A magnificently vibrant green, red and pink bird, the Alexandrine parakeet (Psittacula eupatria) is native to south and south-east Asia, but is becoming a common sight in many European cities as escaped pets establish in the wild. A patch of brilliant red on the shoulder and the broad, vivid red, yellow-tipped bill sits in start contrast with the dark green plumage. The male Alexandrine parakeet also has a pink collar on the back of the neck, with a black stripe on the front. Juvenile Alexandrine parakeets look like the female, as they lack the neck collar and stripe (2).
There are five different subspecies of the Alexandrine parakeet, each displaying slight variations in colour. Some variants have lighter green plumage, lighter breast feathers, a bluish tinge to the cheeks, or occasionally a blue stripe along the top of the pink collar (2).
Also known as
Alexandrine ring-necked parakeet, great-billed parakeet, greater rose-ringed parakeet, large Andaman parakeet, large Burmese parakeet, large Ceylonese parakeet, large Indian parakeet, large parakeet, Thai rose-ringed parakeet.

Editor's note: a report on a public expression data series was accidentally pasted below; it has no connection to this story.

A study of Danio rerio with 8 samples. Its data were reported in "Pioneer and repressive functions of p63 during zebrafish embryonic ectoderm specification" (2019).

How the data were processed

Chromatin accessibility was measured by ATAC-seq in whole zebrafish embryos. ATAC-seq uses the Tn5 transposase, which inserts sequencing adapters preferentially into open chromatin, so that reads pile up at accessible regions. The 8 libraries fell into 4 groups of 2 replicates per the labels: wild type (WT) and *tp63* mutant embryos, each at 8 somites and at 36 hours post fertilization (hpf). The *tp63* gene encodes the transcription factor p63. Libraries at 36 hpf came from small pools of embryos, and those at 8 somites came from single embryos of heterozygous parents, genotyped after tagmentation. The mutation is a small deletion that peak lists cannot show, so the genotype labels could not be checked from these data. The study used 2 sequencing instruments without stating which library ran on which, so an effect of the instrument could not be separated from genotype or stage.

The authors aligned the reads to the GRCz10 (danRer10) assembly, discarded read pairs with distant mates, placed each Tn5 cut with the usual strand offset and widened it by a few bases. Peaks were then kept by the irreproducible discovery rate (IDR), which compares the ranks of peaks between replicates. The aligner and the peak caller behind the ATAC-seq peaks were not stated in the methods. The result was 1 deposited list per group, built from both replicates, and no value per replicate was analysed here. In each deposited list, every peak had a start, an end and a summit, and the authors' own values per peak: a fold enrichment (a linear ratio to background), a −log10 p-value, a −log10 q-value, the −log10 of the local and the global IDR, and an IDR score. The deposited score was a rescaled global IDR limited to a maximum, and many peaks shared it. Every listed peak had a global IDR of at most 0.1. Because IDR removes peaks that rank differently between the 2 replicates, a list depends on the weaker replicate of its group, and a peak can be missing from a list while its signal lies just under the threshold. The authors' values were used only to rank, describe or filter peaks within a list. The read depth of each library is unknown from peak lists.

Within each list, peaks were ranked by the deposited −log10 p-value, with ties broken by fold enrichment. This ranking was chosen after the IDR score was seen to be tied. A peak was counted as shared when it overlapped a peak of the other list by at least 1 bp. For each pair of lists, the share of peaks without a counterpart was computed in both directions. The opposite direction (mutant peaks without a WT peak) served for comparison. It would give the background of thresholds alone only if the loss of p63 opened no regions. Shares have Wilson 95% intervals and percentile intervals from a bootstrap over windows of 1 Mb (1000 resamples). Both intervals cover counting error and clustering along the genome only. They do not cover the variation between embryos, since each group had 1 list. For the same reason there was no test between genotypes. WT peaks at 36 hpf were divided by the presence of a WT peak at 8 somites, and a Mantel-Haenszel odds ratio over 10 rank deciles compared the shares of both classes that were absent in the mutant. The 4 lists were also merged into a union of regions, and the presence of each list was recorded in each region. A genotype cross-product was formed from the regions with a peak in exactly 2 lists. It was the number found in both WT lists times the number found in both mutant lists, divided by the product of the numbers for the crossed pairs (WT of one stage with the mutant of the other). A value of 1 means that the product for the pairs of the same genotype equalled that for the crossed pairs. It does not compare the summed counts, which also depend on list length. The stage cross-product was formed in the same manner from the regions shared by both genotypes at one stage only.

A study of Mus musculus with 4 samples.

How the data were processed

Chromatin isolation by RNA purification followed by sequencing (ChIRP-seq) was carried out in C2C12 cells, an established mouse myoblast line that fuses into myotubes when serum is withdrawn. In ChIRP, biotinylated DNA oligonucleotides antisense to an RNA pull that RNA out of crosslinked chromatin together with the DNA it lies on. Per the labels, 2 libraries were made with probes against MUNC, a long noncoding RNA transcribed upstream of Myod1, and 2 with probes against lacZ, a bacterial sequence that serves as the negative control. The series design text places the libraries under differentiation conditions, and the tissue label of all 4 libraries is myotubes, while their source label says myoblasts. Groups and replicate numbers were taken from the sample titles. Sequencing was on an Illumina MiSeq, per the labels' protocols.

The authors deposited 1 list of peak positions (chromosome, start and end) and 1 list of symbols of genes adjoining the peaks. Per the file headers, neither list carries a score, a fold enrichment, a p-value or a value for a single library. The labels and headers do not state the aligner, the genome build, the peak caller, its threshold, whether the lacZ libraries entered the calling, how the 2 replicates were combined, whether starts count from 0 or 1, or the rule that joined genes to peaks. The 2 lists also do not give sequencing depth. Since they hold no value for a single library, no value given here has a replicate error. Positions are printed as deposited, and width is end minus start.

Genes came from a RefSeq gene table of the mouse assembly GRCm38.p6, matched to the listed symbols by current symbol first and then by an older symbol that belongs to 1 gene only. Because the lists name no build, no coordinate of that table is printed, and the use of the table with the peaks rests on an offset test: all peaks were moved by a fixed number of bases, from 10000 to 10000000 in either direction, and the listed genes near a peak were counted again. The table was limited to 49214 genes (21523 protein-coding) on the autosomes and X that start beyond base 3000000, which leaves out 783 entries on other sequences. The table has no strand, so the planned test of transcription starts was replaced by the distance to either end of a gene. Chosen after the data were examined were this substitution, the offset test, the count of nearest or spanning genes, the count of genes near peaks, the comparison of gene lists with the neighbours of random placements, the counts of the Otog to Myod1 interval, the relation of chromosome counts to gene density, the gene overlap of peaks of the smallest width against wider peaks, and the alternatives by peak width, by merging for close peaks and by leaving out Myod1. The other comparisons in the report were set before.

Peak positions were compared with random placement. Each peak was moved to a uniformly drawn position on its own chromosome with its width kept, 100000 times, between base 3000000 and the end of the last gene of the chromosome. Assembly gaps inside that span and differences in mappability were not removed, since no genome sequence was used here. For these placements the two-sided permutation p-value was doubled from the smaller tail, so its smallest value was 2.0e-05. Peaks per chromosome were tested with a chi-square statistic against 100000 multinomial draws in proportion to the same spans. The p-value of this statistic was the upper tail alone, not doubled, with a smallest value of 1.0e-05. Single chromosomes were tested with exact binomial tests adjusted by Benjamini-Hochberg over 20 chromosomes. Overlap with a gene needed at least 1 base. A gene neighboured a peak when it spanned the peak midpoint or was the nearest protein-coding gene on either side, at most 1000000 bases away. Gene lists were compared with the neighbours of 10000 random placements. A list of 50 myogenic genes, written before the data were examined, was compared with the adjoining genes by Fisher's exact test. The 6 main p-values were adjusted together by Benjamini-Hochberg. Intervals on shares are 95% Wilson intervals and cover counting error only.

The Alexandrine parakeet feeds on a variety of seeds, flowers, buds, nectar and fruits. It is normally found in small flocks, but larger groups may congregate where food is in abundance or in communal roosts at dusk (2).
Breeding between November and April, the Alexandrine parakeet lays between 2 and 4 eggs, which are incubated for approximately 24 days. The Alexandrine parakeet is reported to live for up to 30 years in captivity (2).
The Alexandrine parakeet is native to south and south-east Asia, from Pakistan and Nepal, south to Sri Lanka and east to Vietnam, with the subspecies occurring in different regions. It has been introduced to several countries including Bahrain, Iran, Turkey, United Arab Emirates and Yemen (2)(4). The Alexandrine parakeet, along with several other parakeet species, has been spotted in European cities, including London and Amsterdam (5).
Due to its range of behavioural traits that are deemed desirable to bird keepers, including being playful, energetic, and capable of mimicry (2), the Alexandrine parakeet has been heavily traded for the pet trade. Despite trading bans in some areas, exploitation is still common and wild populations are being reduced (1)(2). Numbers are declining in Sri Lanka in particular (2), and the Alexandrine parakeet is now considered scarce in India (1).
The Alexandrine parakeet is listed on Appendix II of the Convention on International Trade in Endangered Species (CITES) (3), meaning international trade must be controlled to maintain wild populations (1).